Local Government Elections anticipated to be held in April this year are likely to be postponed, Newsday has learned.
The last local government elections were last held on September 30, 2017.
The local government act of 1997 states that the term of office of each councillor elected at a local government election shall be for a period not exceeding five years from the date of the election.
This publication understands that the Independent Electoral Commission (IEC) last year wrote to the minister of local government requesting that the term of the councillors be extended to April this year.
However, leaders of several political parties have expressed doubt about whether the elections will be held in April, especially in light of the constant statements on the part of government officials that state coffers are running dry.
The leader of the Popular Front for Democracy (PFD), Lekhetho Rakuoane, told Newsday yesterday that leaders of political parties registered with the IEC had a meeting with the commission last Friday to discuss the fate of the elections.
“We had a meeting with the commission last Friday to discuss this issue. The current councillors’ term ends in April and we were saying that it should be extended to September or October,” Rakuoane said.
“We were saying local elections should be in September or October so that they can be held concurrently with the reforms referendum to save costs. Postponing local government elections will allow parliament time to adopt the reforms bill so that we can go for a referendum,” he added.
But other political leaders who spoke to this publication said it was IEC’s idea that local government elections should be postponed again to September.
The deputy leader of the Socialist Revolutionaries (SR), ‘Mamarame Matela, and leader of Year for Economic Sustainability (YES), Molefi Ntšonyana, told Newsday separately that postponement of elections was suggested by IEC.
Ntšonyana however indicated that he was not part of the meeting but was briefed by another member of the party who attended the meeting.
The constitution mandates the IEC to ensure that elections to the national assembly and local authorities are held regularly and that every election or referendum held is free and fair.
IEC’s director of elections, advocate Mpaiphele Maqutu, yesterday denied that IEC had suggested postponement of the local government elections to September.
“As far as we are concerned, the local government elections will be held in April this year. We take instructions from the Minister of Local Government,” Maqutu said.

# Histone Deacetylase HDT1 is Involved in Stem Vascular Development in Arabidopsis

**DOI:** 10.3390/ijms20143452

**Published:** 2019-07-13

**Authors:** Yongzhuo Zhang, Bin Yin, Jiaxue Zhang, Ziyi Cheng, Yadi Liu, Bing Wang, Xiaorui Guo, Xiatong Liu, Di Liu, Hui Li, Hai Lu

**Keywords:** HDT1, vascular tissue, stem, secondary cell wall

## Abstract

“We cannot proclaim when local government should be held. We just prepare for and host elections as per the directives as long as there are funds to do so,” he added.
Minister of local government, Lebona Lephema, told Newsday yesterday that he was yet to meet the decentralisation department to discuss the issue of local government elections.
No decision has been made yet, Lephema stressed.
Lesotho is a constitutional monarchy with two spheres of government: central and local.
The constitution mandates parliament to establish the local government.
It states: “Parliament shall establish such local authorities as it deems necessary to enable urban and rural communities to determine their affairs and to develop themselves. Such authorities shall perform such functions as may be conferred by an Act of Parliament.”
The parliament has enacted two main governing legislations; the local government act and the local government elections act.
The cabinet adopted a national decentralisation policy in February 2014.
The ministry of local government and chieftainship affairs is tasked with providing policy direction and support for local authorities.
Local government in Lesotho comprises community councils, district councils, and one municipal council, in the capital, Maseru – Maseru City Council (MCC).
In August last year, the former deputy prime minister and leader of the Lesotho Congress for Democracy (LCD), Mothetjoa Metsing, said it was unfair there was only one municipal council in the country.
Metsing said merging some of the local government community councils in the Leribe district could be used as one of the strategies to address service challenges in the wake of increasing urbanization.
He was addressing the LCD rally in Maputsoe ahead of the October 7, 2022, national assembly elections.
“Leribe is the only district in the country that has two big towns, Maputsoe and Hlotse. We as LCD are saying the councils between Hleoheng and Tšifa-li-mali should be merged into a municipality so that this area can gain greater autonomy,” he said.
“It does not make sense that we have only one municipality in the country which is the MCC yet Leribe which has two towns and an increasing population does not have a municipality,” he added.
According to the local government act, only the minister of local government has the power to declare any area, having the characteristics or requirements prescribed for the purpose, to be a community, rural, urban or municipal council, define each area so declared, and assign a name to such council.
Metsing was minister of local government and chieftainship affairs from 2012 to 2015.